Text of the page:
Hi Brandon! Thanks for agreeing to be interviewed. Before we begin, can you tell us a bit about yourself?
For the past ten years I’ve been working full-time bar-tending in a busy Irish bar, in Red Bank, New Jersey. Working nights has afforded me the luxury(if you can call working nights a ‘luxury’)of being able to spend my days writing. Before the recent addition of my amazing daughter, my wife and I were able to do a substantial amount of traveling; which included the Greek Isles and Venice(not California). As soon as my little girl gets a bit older we’ll be back out there seeing the world.
So, what inspired you to start writing?
I’m not sure if there was any one thing, but I do remember when I was an early teen, and reading authors like Kurt Vonnegut for the very first time, and realizing that you could truly do whatever you wanted to do with words—I was mesmerized, and still am. Books are only limited by the imagination of the author, and the willingness of the reader to enjoy them. I got my first idea for a novel when I was about 16, and it came on rather randomly. I wasn’t looking to write or become an author; I just suddenly got an idea and decided to see where it would take me.
Is there anything you find particularly challenging in your writing?
Right now, time. I don’t have any. Not enough, anyway.
Time seems to be a big problem for authors!
When you’re writing a new story, where do you start? Main text? Title? Start? Ending?
In most cases I like to throw the main character’s name out there right away. First word. If I have my characters, I have my dialogue, and the story writes on its own.
Do you have any regrets, or things you wish that you’d done differently?
I should have taken some writing classes when I was young, but I had a very ‘Bukowskian’ thought process back then. I believed that good writing came from the individual, and not a classroom. I still somewhat believe that to this day, but I now know that learning some basic and advanced grammar is hugely beneficial. It would have saved me a lot of time more recently.
What advice would you give to other authors?
For a new author, or someone who wants to write, but has not yet written anything, I think there is initial fear and uncertainty that prevents them from starting their project. You have to make yourself sit and write those first words to get the project going, and that can be very challenging. I’ve talked to a lot of people who get so anxious about writing that they end up putting off their project for so long that they get lost. You have to put that ink on paper, no matter what, and if you don’t like what turns out, that’s what editing is for.
Sounds like good advice!
Are there any books or authors that you feel have particularly influenced you?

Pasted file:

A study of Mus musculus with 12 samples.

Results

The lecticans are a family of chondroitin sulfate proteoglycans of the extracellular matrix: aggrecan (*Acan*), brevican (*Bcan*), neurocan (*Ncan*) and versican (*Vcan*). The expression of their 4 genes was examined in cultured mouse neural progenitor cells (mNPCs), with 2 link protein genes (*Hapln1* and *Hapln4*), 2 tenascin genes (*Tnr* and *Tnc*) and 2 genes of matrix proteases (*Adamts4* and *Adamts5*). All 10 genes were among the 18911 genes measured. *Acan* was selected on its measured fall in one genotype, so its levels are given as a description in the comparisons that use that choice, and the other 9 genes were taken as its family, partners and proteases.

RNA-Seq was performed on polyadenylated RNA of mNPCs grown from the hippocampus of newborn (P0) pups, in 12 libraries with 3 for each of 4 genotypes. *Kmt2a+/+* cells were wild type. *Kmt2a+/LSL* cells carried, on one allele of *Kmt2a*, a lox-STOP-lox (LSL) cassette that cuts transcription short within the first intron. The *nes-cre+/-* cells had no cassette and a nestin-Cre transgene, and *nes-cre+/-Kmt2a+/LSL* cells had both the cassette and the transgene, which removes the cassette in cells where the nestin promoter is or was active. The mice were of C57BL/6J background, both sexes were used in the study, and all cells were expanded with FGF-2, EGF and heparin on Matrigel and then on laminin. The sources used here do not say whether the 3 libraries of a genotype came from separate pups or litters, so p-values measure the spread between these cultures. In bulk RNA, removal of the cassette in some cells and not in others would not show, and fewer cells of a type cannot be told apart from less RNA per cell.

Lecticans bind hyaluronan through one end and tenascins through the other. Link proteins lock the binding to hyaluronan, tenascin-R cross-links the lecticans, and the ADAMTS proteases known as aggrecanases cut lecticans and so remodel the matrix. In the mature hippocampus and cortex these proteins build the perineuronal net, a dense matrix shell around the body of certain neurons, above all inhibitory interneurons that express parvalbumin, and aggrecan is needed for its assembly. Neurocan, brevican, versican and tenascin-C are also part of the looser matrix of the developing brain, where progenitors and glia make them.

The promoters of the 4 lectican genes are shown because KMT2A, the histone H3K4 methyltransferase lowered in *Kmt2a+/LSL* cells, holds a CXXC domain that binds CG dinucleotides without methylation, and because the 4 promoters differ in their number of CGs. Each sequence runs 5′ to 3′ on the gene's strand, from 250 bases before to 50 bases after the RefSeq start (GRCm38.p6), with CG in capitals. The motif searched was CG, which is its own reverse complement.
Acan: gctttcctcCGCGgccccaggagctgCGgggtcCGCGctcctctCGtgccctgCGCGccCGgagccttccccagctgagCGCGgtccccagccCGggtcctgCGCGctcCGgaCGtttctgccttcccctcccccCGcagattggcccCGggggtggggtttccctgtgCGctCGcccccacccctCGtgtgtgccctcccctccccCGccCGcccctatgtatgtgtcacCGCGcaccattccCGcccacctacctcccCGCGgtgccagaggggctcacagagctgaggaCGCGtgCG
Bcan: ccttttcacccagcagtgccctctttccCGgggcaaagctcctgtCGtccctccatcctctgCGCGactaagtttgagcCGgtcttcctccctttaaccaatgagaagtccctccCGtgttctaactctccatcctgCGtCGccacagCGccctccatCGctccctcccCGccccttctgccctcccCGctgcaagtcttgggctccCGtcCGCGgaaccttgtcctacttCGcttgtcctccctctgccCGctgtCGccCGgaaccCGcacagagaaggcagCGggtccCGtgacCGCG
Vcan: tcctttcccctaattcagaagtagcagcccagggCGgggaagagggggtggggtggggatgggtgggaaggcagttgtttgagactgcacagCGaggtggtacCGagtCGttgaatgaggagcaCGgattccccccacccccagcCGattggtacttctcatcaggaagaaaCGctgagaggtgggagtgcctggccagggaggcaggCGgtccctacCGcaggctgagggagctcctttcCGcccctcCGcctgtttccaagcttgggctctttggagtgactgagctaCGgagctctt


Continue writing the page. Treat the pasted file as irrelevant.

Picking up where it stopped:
There are a lot of authors, but for the sake of argument, I’ll name a few that I’ve really liked over the years. I’ve already mentioned Kurt Vonnegut, as he has a huge place in my late teens, but I would like to also mention, John Fante, Cormac McCarthy, Charles Bukowski, Iain Banks, and Ken Follet. There are more, but I think that list covers a lot of bases.
How much research do you do in preparation for your writing?
Depends. Sometimes I have a thorough idea of the story before hand, and other times I only have a slight idea, and the story writes itself. Sometimes I go back and spend hours, days, researching something that I feel needs strengthening. I did a lot of research beforehand in The Experiment of Dreams, with concerns to aura migraines and sleep patterns. But it still seems like I’m doing research now, learning more and more, even though the book is finished. I get sent all sorts of articles from fans via twitter and Facebook.
Can I ask, if you don’t mind, what are you currently working on?
Before writing The Experiment of Dreams, I had an idea for a rather long novel. I wrote the entire rough draft, which finished at about 150,000 words. I didn’t like the way it turned out, so I wrote The Experiment of Dreams while taking a long break from it. Now, I’ve gone back to that original manuscript, and tossed it away. I have re-written the entire rough draft from scratch, and am currently doing a read through before sending it off to an editor. Without giving anything away, it’s a bit more literary than The Experiment of Dreams, set in a dystopian world. It’s still about 140,000-150,000 words—as of now. (My review of The Experiment of Dreams can be found here.)
Is there anything you’d like to say to your readers, or just in general?
First of all, Thank You. It really does mean a lot when someone enjoys your work. The readers make it all the more enjoyable to continue writing. Secondly, I would like to tell my readers: I have just begun. I waited a long time to start this career, and I have more than a few ideas for future novels and stories.